What causes certain leaders to achieve legacy status but not others, no matter how much a leader has accomplished nor how visible he or she has been in a company or in an industry? Just what is it that makes certain leaders so memorable and inspiring – leaving a clear legacy behind – while others are quickly forgotten?
A few months after Xavier was promoted into his new regional CEO role, he came to my office for a coaching session. After he shared a general update on how he was getting along in the job, I asked him to fast-forward in his mind to what success would look like after five years in the post.
He paused, then responded, “I will have left a legacy.”
“That sounds exciting,” I responded. “Tell me more.”
“By then, we will have doubled sales, expanded into five new geographic regions, increased market share by 20%, and added 250 new employees.”
I paused for a moment, then shared: “Xavier, one thing I’ve learned from coaching so many great leaders over the years… Legacy isn’t built by hitting the numbers.”
What does it take to create a legacy?
It’s not unusual for leaders to want to leave an inspiring legacy when they step down from a post. Leaders want to make an impact – to leave their time in office with something noticeable and memorable to show for it.
Yet, just like Xavier, too often leaders fall into a trap of “needing to hit the numbers” and using that, and only that, as the key benchmark for success. As a result, they place all of their short-term attention on the profit and loss statement, moving from quarter to quarter to quarter, achieving incremental growth, satisfying their bosses, their Board, shareholders, and Wall Street. But in the meantime, they haven’t stepped back enough to realize that those achievements are temporary and, by primarily focusing on numbers, leaders won’t have made an impact on the hearts and minds of their team members.
Don’t get me wrong: Of course, you must “hit the numbers!” It’s very clear that, if you’re not meeting stakeholder expectations from a top-line and bottom-line business standpoint, it’s likely your time in position won’t be long.
But true legacy as a leader doesn’t come from statistics and achieving tangible measurable benchmarks. Achieving numbers is the price of entry for leaders, the basic requirement of your job.
What is often overlooked – and that which will truly create a legacy for a leader – is the “how” of leadership.
Ok… so, how do YOU™ start building a legacy?
What about YOU™? If someone in your organization were to stop and ask your team members, your function heads, your direct reports, and peers to state what they felt your legacy was in your post so far, what would they say?
Here are a few questions to consider that will help you get a sense of the kind of legacy you are in the process of building for yourself:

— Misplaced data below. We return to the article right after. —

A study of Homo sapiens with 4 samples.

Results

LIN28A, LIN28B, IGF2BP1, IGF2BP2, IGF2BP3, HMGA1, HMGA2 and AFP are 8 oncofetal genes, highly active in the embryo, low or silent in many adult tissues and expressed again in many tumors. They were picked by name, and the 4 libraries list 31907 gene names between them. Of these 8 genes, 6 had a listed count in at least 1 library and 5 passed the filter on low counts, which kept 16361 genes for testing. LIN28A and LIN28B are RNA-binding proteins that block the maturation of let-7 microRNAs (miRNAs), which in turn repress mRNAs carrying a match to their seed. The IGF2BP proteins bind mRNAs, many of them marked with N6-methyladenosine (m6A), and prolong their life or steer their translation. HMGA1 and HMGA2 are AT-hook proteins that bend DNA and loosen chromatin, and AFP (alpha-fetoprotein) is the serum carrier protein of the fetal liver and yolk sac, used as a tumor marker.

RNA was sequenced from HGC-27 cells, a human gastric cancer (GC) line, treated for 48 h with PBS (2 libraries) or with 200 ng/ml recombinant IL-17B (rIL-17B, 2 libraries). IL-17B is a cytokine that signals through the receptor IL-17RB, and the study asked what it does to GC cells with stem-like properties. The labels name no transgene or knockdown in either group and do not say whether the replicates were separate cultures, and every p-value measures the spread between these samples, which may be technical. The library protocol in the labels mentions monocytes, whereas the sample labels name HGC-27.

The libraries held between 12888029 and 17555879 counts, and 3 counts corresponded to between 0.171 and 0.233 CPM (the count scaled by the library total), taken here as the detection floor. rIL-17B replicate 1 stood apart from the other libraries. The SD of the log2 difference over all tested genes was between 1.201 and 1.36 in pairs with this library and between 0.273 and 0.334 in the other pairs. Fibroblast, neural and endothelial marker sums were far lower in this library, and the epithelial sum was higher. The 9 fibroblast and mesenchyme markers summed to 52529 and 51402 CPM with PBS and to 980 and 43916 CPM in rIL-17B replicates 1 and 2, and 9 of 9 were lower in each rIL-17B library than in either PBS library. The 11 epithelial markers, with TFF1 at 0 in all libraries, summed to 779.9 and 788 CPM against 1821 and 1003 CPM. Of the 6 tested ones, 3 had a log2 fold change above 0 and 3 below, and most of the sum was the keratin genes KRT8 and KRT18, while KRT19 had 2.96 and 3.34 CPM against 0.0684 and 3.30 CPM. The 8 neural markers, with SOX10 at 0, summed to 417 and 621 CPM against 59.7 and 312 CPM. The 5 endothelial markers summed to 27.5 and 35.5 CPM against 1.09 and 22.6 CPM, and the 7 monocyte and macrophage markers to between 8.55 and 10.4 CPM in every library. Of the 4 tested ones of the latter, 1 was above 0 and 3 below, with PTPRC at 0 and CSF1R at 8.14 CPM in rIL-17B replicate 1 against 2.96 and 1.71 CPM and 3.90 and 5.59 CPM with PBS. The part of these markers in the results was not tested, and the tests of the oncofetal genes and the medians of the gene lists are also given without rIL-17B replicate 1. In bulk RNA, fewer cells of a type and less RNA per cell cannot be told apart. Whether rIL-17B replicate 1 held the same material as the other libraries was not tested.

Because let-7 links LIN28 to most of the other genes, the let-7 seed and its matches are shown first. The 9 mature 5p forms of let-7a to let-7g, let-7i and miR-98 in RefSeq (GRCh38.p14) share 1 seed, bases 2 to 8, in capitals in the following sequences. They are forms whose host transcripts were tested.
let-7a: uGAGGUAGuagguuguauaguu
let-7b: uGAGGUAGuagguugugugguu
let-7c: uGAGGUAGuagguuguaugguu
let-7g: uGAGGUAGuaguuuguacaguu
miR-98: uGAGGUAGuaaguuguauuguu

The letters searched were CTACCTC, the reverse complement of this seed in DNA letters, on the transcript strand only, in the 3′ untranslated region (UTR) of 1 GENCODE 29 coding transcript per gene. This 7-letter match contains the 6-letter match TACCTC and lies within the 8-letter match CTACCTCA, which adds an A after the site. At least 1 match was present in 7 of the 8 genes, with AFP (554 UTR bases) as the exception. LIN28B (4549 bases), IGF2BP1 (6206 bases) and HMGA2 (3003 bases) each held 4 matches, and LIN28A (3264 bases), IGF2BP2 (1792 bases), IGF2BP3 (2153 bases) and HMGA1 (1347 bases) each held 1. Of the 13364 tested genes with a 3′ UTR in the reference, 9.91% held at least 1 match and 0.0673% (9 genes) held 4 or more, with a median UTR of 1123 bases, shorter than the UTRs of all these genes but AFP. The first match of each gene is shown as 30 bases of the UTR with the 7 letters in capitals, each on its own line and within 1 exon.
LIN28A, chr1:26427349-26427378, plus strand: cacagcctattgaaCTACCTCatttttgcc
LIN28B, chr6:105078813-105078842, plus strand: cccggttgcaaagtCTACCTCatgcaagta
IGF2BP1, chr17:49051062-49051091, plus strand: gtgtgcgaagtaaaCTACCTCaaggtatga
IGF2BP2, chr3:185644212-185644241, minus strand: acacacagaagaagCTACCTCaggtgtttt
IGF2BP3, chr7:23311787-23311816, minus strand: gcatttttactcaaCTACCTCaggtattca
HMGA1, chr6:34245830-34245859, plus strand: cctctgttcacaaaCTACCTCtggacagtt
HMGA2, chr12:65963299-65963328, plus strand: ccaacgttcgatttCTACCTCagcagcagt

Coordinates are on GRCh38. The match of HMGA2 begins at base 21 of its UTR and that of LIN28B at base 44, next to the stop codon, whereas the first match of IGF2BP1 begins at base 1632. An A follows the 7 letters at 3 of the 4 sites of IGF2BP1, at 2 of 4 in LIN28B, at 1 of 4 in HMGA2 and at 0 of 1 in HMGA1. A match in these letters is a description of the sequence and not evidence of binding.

- Are you focused primarily on building people or on building business?
- What kind of culture are you instilling (and culture “is” instilled from the top). What are five words to describe the culture you want under your leadership? Is that how people would describe the culture now?
- What kind of balance are you achieving when it comes to time spent on relationships versus tasks?
- Are you using a “pull” style – engaging and asking powerful questions – or are you using a “push” style – simply telling people what to do?
- Is your overall attitude positive or negative? (Just like in the animal kingdom, leaders of any organization establish the overall tone of the entire company.)
- Is your energy marked by calm confidence or is it rushed and frenetic?
- Within your organization, are you genuinely focused on helping people grow, learn, and develop, or are you judging them?
Your answers to the questions above are the keys to building a legacy.
Let’s put it this way: In years to come, I guarantee no one will ever say, “Do you remember Meredith? She was the Vice President who always hit the numbers!” No, you will be remembered by the impact you made on people and on the organization as a whole, the “feel of the place” while it is under your guidance. If you’re not paying attention to that, you will become “just another leader” who did his/her job.
I’m reminded of this quote by Maya Angelou, which I like to share with leaders I coach:
“People will forget what you said, people will forget what you did,
but people will never forget how you made them feel.”
Create a legacy for yourself by not only hitting the numbers but by being a leader people “want” to work for. Of course, you should achieve success in building the business, but it can be done through engaging people and inspiring them. That’s how you create followership, leave a lasting legacy, and in the process, build an inspiring leadership brand for yourself.
If you’d like to learn more about how to be a leader others want to work for, you might benefit from reading my book Would YOU Want to Work for YOU?
(Also available in e-book and audio book formats.)